With the entire market moving to continuous delivery, database automation, and compliance, organizations are seeking any possible edge. To that end, DBmaestro has added a first-of-its-kind Pipeline Builder to the DevOps Suite.
The Pipeline Builder is a visual database planning resource enabling you to package, verify, deploy, and promote database changes just as you would with application code – putting you in a position to build and visualize a full delivery pipeline.
There’s a well-known saying: “The shortest path between two points is a straight line”. To get a straight line, you have to plan ahead where your starting and end point lay. For the database, planning ahead means laying out a path for database development, deployment, and update in a way that streamlines the process and prevents drift between versions.
For example, if you want to know why a developer decided to write a certain piece of code, you can rely on her memory or her manual documentation, or you can pull information from the system. If that system is outfitted with prospective and retrospective database planning and automated auditing capabilities, you can easily pull out the delta between different versions.
If that system is also outfitted with visualization functionality, you can quickly see exactly where the code change affects database performance and get into the mind of the developer. Then you, as the DBA, can decide whether that change was smart, and should be promoted to production, or ill-conceived, and should be discarded.
With a well-planned, visualized, and enforced database change policy, you can keep track of “why” with a complete record of the reasons behind modifications and adjustments. This will minimize work – and time consuming re-work – if the scope of the release changes.
In order to create a straight line, you need to know where the two connecting points are – or in the case of databases, which is the starting point and which is the end point. Effective database planning requires full control, and deployment features integrated with enable the planning of “how”, “when”, “where” things will be done, while smart version control covers the “what”, “who”, “why”. At the same time, visualization makes everything a lot quicker and easier to identify and process.
The Pipeline Builder defines mappings relevant to the customer’s environments. Each pipeline project represents a unique automation deployment plan for a predefined environment set and relationships between those environments. This enables a quick one-time design of the automation flow mapping for later usage in build and deploy processes.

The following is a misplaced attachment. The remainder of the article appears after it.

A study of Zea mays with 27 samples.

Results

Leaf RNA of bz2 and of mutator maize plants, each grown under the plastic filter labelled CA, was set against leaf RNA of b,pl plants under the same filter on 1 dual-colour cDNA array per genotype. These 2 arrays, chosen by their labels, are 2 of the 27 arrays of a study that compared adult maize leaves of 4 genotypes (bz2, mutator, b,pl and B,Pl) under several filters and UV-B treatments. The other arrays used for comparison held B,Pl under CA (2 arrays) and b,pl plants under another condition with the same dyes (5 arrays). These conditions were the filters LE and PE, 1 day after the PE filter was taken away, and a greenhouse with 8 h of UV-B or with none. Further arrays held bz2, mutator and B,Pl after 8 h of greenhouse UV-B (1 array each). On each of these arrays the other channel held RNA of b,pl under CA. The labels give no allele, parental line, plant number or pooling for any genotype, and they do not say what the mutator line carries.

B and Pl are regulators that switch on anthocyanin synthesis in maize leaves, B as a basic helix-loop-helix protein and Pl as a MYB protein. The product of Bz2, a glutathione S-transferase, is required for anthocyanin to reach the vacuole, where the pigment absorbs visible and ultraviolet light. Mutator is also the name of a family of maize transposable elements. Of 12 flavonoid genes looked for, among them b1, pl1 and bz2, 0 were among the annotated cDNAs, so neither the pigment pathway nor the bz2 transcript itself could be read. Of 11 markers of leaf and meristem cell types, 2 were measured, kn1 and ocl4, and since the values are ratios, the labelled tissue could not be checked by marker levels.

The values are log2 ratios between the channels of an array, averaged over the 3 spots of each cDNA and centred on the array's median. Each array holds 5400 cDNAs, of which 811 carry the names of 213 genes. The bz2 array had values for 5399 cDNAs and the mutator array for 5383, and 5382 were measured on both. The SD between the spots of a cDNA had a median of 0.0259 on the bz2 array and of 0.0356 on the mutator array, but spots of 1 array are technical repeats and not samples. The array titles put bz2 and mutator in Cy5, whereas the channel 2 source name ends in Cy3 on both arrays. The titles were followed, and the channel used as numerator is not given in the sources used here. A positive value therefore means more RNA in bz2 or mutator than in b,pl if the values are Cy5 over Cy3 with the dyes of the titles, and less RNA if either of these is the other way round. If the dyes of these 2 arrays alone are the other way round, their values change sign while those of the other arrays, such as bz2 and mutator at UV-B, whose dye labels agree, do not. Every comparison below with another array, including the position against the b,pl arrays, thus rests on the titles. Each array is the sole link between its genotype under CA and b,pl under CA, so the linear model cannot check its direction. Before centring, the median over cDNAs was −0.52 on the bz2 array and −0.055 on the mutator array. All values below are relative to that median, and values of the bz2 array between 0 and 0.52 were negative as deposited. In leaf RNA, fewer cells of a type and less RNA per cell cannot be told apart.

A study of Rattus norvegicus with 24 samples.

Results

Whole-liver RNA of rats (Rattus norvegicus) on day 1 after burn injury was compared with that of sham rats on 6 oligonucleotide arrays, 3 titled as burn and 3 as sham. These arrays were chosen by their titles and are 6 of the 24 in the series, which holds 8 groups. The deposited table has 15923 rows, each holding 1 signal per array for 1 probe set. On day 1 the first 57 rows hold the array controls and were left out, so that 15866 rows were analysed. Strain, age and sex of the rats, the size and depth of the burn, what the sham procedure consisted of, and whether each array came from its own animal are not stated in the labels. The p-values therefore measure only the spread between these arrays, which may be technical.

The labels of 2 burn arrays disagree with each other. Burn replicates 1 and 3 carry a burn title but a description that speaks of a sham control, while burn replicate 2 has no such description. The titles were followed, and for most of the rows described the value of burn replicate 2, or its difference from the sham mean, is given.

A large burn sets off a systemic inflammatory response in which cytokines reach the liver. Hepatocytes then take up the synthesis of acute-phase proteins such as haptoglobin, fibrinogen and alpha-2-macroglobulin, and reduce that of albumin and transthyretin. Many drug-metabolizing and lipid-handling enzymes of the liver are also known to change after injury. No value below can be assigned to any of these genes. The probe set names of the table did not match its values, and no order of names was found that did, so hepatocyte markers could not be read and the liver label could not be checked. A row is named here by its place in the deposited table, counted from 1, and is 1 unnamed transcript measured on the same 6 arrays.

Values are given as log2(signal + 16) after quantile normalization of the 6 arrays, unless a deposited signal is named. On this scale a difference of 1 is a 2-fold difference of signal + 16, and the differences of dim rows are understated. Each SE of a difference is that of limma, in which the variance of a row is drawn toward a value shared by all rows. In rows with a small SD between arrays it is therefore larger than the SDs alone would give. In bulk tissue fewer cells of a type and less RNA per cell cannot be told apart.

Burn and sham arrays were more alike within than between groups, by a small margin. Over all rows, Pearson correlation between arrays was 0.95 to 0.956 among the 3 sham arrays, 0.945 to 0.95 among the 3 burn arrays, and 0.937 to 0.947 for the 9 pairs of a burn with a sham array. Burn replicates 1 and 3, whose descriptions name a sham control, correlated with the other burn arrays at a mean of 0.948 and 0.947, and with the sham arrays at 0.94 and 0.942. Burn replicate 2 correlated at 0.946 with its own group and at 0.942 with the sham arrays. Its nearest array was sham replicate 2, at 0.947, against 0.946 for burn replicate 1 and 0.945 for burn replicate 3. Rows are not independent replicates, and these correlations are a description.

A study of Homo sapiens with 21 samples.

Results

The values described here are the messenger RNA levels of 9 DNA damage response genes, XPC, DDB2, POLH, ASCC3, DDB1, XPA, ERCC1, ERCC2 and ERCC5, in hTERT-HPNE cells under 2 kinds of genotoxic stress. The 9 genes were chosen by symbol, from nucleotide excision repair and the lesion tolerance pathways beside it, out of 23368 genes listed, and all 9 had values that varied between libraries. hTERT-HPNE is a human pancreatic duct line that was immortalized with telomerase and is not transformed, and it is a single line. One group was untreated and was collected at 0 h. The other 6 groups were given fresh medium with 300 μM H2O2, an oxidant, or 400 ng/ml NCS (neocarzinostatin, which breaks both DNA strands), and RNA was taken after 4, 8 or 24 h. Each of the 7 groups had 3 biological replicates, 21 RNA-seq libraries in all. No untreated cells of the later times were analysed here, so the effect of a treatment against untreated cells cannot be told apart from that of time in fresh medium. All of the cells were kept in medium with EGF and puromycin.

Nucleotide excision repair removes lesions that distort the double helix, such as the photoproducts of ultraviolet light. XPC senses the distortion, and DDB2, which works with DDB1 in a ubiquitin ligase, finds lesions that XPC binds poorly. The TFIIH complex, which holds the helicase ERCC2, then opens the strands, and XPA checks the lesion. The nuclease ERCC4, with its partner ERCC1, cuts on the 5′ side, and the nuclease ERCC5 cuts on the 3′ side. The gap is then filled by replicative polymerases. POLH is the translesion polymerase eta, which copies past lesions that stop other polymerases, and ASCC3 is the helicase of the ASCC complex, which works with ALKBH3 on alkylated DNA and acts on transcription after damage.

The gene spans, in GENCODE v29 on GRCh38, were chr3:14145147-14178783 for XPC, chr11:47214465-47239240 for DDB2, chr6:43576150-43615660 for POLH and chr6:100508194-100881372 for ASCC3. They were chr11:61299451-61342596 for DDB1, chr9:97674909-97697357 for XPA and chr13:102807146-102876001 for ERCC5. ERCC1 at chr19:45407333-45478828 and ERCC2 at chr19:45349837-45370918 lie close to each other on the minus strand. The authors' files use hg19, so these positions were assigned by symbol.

Let’s look at an example: Here’s a completed pipeline for an HR application. The collector and infra development environments are promoted to the integration environment which is then promoted to test and production.
Should I want to add a second infrastructure team, it’s easy to connect. I simply add the information to the environment and I then add the flow so the pipeline knows which directions the changes need to follow.
The pipeline information can be used for automation tools such as Jenkins where you can call the build and deploy commands.
Pretty simple, right?
Smart, visualized database planning is not only helpful looking forward, but also looking backward. For example, a visually represented impact analysis can streamline the migration of existing database components between development, test, and production environments, enabling the dynamic synchronization of database structure and data. This, in turn, aids in forward-facing planning by eliminating manual work, and reducing errors and risk.
Without a doubt, the right visualization tool can make an enormous difference in your efforts to properly plan and execute effective database development and deployment. The right tool can help you get a straight line in the shortest path when it comes to database planning, whether proactively or reactively.
As such, the pipeline builder enhances database planning, development and deployment automation, compliance and audit capabilities, as well as fostering collaboration between the application development and database development teams.
Bottom line: this means quicker, safer, easier, and cheaper deployments.